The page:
Why Heat shouldn't be content with win

November, 19, 2010
11/19/10
11:58
PM ET
Haberstroh By Tom Haberstroh
ESPN.com

Lack of Ball Movement
While the Heat ended up squeaking by the Bobcats on Friday night 95-87, far too many possessions ended with a player putting his head down and looking for his own shot. One of Miami Heat head coach Erik Spoelstra’s major points of emphasis this season has been quick ball movement on offense but it didn’t happen against the Bobcats. He’s made reference to his assisted field goal ratio (assists/field goals) at the postgame news conference on more than one occasion this season, although there was no mention of it after Friday night's game.


The figure tonight? A season-low 41.2 percent (14 assists on 34 field goals)

“They grinded us in the second half,” Spoelstra said after the game. “We did a much better job [moving the ball] in the first half. We were able to get some stops and get out in transition. You have to give [Charlotte] credit – they’re a very good defensive team, they make it physical. They can make it look like you’re really struggling. We have to learn to trust and execute particularly when it’s not easy, and get some of those end of possession options.”

The Heat’s offense instantly becomes stagnant as soon as LeBron James or Dwyane Wade shifts into isolation mode on the wings. It happened too often tonight, especially with LeBron settling for an early jumper off the dribble late in the game.

Need a good indicator to tell if the ball’s moving on the perimeter? Look at Eddie House and James Jones’ shooting numbers. Tonight, the two combined for two made field goals in nine attempts from the floor. As spot-up shooters, the only way House and Jones can get open is through kick-outs and swinging the ball around the perimeter. It’s no coincidence that they combined for a season-low eight points the same night the ball rarely switched hands. If their shots aren’t falling, there’s a good chance the Heat aren’t making the extra pass.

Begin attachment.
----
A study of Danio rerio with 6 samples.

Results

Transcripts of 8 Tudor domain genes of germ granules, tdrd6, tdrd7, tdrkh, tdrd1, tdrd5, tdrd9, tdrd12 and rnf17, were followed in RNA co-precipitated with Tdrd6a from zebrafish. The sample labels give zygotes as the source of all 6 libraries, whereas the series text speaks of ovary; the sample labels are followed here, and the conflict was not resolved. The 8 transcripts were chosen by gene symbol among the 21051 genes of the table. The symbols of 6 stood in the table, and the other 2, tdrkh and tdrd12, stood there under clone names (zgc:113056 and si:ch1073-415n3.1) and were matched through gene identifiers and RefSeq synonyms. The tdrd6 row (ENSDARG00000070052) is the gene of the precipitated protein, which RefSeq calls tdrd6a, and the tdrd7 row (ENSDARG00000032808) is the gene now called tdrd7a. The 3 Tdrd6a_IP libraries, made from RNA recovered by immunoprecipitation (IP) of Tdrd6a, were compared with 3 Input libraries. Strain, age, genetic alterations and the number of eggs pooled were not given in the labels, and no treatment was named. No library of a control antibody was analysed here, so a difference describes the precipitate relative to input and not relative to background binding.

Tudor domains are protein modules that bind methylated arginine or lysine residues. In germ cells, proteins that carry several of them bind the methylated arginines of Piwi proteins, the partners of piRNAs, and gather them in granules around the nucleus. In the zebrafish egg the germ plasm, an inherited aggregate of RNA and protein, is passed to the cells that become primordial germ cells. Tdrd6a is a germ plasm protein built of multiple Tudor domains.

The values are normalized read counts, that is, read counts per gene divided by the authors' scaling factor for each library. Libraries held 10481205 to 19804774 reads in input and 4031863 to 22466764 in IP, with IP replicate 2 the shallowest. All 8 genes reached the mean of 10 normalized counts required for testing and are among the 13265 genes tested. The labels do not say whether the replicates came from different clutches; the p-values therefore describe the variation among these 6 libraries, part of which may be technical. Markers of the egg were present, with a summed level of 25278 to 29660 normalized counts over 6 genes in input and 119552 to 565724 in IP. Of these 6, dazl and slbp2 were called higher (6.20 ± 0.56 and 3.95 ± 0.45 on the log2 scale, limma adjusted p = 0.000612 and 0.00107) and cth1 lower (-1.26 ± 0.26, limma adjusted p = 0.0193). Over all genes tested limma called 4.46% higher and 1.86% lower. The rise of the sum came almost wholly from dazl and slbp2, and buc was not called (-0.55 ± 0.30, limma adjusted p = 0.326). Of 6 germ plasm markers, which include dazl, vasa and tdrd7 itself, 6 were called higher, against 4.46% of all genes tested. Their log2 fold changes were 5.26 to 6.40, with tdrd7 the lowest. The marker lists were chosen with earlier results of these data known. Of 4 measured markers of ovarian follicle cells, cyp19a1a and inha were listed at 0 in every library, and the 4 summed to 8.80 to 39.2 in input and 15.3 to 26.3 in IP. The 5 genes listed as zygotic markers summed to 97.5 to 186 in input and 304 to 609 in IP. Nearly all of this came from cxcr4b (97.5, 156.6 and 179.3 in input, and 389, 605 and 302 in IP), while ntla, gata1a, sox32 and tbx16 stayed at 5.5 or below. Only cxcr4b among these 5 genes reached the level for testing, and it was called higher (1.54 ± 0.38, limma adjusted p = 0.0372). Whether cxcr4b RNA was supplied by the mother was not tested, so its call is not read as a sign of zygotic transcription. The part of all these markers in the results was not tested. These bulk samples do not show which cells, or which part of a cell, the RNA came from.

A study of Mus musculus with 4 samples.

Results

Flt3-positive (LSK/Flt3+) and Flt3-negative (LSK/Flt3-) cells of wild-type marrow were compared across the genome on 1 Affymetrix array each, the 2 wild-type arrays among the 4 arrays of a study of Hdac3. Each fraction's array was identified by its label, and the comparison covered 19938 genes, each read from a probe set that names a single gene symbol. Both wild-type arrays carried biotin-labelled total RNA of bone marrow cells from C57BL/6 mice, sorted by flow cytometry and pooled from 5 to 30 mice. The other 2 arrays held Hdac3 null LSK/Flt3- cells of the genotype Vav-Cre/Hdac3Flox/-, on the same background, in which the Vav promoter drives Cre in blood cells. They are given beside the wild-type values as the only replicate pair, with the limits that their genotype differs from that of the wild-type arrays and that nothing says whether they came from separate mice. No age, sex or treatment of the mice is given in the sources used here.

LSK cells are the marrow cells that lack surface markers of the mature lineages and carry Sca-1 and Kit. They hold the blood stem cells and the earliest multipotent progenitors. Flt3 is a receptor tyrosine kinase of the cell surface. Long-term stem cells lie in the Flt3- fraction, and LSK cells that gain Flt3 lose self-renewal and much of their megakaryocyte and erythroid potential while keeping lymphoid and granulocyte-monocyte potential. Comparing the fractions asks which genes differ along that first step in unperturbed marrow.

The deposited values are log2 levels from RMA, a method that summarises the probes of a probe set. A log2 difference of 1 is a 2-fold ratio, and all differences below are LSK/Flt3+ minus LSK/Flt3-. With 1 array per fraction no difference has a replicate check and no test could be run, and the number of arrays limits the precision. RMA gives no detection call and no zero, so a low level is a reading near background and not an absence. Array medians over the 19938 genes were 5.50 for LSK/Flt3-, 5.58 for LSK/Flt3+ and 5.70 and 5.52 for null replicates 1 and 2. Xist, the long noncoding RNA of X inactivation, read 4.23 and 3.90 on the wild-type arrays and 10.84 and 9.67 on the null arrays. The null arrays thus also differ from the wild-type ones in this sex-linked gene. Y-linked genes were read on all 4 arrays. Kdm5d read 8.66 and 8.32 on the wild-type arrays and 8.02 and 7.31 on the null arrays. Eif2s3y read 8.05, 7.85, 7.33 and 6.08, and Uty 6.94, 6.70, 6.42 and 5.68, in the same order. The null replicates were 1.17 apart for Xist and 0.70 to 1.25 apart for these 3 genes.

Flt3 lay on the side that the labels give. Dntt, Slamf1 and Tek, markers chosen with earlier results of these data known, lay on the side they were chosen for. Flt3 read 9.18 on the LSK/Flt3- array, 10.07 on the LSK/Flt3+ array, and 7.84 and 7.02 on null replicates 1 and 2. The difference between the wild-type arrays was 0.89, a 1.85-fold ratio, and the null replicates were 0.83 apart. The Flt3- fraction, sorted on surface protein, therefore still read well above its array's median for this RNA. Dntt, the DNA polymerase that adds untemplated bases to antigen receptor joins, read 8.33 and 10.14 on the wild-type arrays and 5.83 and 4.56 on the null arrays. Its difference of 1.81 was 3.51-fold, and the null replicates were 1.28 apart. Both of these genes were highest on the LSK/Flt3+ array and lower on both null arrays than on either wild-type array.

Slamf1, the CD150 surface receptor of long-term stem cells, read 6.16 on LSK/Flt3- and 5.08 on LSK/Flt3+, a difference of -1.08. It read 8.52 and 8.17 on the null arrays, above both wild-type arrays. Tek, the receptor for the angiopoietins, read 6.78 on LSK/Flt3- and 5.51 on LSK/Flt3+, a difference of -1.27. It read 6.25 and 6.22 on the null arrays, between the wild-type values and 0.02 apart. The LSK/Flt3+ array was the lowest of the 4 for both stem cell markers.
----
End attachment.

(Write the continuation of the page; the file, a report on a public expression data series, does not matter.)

Miami got away with it tonight but it may not be so lucky next time.

Porous Interior Defense in 3rd Quarter
Remember when the Heat were supposedly a third quarter team? Or at least that’s what some early narratives suggested.


Well, the Heat got blasted coming out of halftime tonight, letting the Bobcats cut Miami's 19-point halftime cushion to just seven points by the end of the third frame. Sure, the Heat owe some of that to missing 13 of their 19 shots in the quarter. But a bigger problem was their matador-like defense that allowed an offensively-challenged team like the Bobcats score 31 points on just 21 possessions.

According to ESPN Stats & Info, the Bobcats scored a perfect 6-for-6 from inside 10 feet in the third quarter. That can’t happen, especially when the buckets are coming from the likes of Nazr Mohammed, Kwame Brown and Shaun Livingston. What’s worse is that basket defense is usually one of the Heat's strong points. Despite taking off the third quarter, the Heat maintained their position as second best in the NBA in opponent field goal percentage within 10 feet, at 50.6 percent (Dwight Howard and the Orlando Magic lead the league).

Since the Heat trampled opponents after halftime in the early part of the season, they have to be careful about falling into a trap of complacency. The Grizzlies will test them on Saturday night as Memphis ranks eighth in third-quarter point margin.

Settling for Perimeter Shots
Entering Friday night’s matchup, the Heat lead the league with 55.9 percent of their field goal attempts coming outside 16 feet. Their propensity for shooting long jumpers is particularly worrisome considering the Heat have three of the most devastating basket attackers in LeBron James, Dwyane Wade and Chris Bosh.


Tonight, it was more of the same. And boy, was their stroke off. The Heat shot a putrid 2-for-16 on long 2s and equally dreadful 4-for-17 from beyond the arc. Do the math and the Heat shot 6-for-33 from their favorite shooting zone.

Some credit should be given to the Bobcats, who are traditionally excellent at close-outs and getting a hand up on perimeter shots. But the Heat made it easy for them tonight, routinely taking ill-advised fadeaways and premature dribble jumpers early in the shot clock.

While they won this game, that's not winning basketball in the long run.